Talking Elephant TECD084
In 2004, Judy Dyble, the first female vocalist with Fairport Convention in its earliest days, brought out Enchanted Garden, her first album since Trader Horne’s Morning Way, released thirty-five years previously. Following the paths explored on Enchanted Garden, Judy has now recorded a large number of tracks which are being released on three albums, of which Spindle is the first. With the exception of the first track, all of the songs here were written to loops of music created by Marc Swordfish, the producer of this album and its predecessor. This second album is deeper and more mature than the first, and is a welcome addition to Judy’s catalogue of recordings.
Final Hour takes the folk tradition and gives it a humorous twist – wandering virgins learn that rolling in the dew can get you – pneumonia! Perhaps the only ‘folk song’ ever to mention ‘vest and wellies’. Listen carefully, as Jude sings this absolutely straight, and the joke is in the mis-match between words and musical treatment. A lesson to some of those blinkered folkies on BBC 4’s Folk Britannia who take their music genres more seriously than a religion!
Folk music is in part characterised by the poetry of lyrics – as opposed to the ‘lerv’ of the standard pop lyrics – and the poetry comes through loud and clear in Misty morning – with an added moral message about the value of life, as death comes calling. Some tasteful percussion is provided by the producer, a sometime drummer. Talking of Marc, his refusal to incorporate a middle eight into his melodies, on the grounds that they are clichés, does take a little getting used to, and he risks falling into his own cliché – the melody without a middle eight.
Fingest is the name of a village in Buckinghamshire and provides the title for a gentle reflection on a love affair and the memories that it leaves. It is in part the instrumentation on this album that connects it to the folk tradition. The inclusion of James Asher’s hammer dulcimer on Honeysweet lightens an otherwise dark number.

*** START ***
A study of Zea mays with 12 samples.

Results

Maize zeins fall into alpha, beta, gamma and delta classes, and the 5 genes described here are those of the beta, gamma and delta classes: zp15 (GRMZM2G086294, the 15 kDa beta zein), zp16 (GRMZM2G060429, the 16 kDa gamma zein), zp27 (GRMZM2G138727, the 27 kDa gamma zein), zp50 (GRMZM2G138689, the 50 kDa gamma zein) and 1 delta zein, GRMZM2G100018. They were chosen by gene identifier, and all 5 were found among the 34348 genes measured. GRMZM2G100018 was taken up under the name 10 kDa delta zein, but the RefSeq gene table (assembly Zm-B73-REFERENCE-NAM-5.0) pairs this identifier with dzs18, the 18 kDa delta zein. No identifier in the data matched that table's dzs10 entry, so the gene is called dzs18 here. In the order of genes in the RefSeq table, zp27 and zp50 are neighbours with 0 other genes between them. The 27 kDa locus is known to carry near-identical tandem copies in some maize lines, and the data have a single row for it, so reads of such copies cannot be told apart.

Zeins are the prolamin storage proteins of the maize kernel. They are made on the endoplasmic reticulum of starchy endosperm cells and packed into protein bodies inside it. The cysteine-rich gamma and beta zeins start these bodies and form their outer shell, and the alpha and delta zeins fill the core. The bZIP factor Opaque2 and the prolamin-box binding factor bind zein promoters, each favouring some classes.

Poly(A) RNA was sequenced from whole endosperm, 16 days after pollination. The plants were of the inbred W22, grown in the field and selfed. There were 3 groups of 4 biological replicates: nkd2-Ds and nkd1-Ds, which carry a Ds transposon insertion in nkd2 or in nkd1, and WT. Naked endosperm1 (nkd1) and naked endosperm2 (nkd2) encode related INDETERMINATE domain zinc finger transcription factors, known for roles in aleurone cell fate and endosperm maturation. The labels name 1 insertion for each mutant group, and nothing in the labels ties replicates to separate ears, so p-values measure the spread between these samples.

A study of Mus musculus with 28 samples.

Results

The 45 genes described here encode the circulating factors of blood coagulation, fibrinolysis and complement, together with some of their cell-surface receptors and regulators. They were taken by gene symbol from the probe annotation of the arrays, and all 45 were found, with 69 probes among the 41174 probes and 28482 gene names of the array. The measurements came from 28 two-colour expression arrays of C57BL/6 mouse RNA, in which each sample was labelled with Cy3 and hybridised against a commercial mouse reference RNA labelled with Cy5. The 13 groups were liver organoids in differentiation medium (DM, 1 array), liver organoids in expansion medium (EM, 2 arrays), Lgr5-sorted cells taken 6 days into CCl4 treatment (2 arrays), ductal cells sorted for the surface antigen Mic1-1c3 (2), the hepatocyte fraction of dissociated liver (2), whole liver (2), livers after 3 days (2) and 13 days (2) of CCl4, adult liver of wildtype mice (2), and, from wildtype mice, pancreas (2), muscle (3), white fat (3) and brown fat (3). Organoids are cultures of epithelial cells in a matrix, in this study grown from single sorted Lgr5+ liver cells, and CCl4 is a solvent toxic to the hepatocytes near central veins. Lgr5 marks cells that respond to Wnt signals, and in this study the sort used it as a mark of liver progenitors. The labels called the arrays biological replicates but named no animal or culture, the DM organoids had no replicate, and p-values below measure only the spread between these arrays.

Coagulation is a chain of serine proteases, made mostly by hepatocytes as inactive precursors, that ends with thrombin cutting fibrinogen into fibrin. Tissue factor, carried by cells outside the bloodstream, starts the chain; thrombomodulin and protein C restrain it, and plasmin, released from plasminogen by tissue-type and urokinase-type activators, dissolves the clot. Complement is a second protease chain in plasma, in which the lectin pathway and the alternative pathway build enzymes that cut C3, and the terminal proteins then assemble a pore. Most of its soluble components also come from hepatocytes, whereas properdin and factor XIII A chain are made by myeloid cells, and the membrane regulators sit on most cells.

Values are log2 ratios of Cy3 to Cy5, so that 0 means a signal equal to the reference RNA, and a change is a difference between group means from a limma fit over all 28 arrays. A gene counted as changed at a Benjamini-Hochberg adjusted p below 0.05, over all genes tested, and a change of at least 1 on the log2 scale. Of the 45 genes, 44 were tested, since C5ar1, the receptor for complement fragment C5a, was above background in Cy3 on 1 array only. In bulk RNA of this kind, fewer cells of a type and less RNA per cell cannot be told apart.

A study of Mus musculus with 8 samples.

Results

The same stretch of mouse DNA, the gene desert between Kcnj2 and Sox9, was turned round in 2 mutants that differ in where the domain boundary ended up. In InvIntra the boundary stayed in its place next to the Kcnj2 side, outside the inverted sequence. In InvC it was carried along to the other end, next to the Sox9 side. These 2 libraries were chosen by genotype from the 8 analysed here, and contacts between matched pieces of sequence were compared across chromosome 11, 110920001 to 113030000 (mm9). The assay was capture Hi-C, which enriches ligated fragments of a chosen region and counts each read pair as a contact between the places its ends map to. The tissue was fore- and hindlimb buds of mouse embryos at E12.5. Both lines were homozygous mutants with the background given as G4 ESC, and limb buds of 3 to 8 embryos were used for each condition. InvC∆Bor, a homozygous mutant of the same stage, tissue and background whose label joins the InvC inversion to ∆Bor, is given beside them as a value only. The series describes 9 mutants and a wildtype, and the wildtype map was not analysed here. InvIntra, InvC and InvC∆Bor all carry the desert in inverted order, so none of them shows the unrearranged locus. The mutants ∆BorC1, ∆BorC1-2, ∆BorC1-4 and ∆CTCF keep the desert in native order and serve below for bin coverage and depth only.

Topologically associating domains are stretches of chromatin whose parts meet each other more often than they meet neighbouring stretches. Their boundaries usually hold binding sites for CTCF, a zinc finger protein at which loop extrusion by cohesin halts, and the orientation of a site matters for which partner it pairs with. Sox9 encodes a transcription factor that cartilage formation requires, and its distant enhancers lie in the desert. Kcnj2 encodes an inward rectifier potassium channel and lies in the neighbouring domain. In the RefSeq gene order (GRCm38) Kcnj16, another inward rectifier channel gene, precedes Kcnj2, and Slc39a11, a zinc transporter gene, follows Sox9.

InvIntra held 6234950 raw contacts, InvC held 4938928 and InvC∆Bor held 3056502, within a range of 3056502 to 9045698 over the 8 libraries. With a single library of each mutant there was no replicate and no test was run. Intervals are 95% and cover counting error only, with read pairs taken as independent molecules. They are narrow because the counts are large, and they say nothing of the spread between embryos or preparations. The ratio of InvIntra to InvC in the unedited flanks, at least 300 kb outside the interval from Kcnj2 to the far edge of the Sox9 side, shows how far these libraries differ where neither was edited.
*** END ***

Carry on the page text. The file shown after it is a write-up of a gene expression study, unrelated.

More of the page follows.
It is a mark of the respect in which Judy is held by other musicians that Robert Fripp provides the guitar soundscape against which Jude overlays a sad and gentle vocal on Shining. Despite the repeated line of ‘I am lost for words’, it is clear that on this number and the others on this album, the singer’s writing skills reveal a beauty of their own.
Electronic effects are a hallmark of Marc’s production and Darkness to Light sees the singer’s voice treated as an instrument that weaves in and out of the melody, whisperingly distorted to a subtle, almost subliminal message. Wiggle Waggle is a short and curious little number in which the vocalist’s voice echoes itself over and over again in a tale of come-uppance. Thank you, my dear has shades of the street musician about it, with alternating bass drum and tambourine and a twanging jew’s harp like sound. Here Judy politely declines the advances of a would-be lover, fearful of the heartache that follows ‘when love turns so cold.’
This is very much a folk-influenced album, but it is the first track on the album that is a revelation – a dance version of Pink Floyd’s See Emily Play. A quintessential song of the psychedelic 60s, this version has a sawing fiddle, thundering electric bass and 4-to-the-bar bass-drum. Jude’s light and airy voice maintains a link with the feeling of Sixties while the instrumental retains a psychedelic floating sensation against the insistent dance rhythm. Believe me, this could be a hit in the clubs! Yes, this is rock music, but what is ‘rock’, if not the greatest folk music movement ever?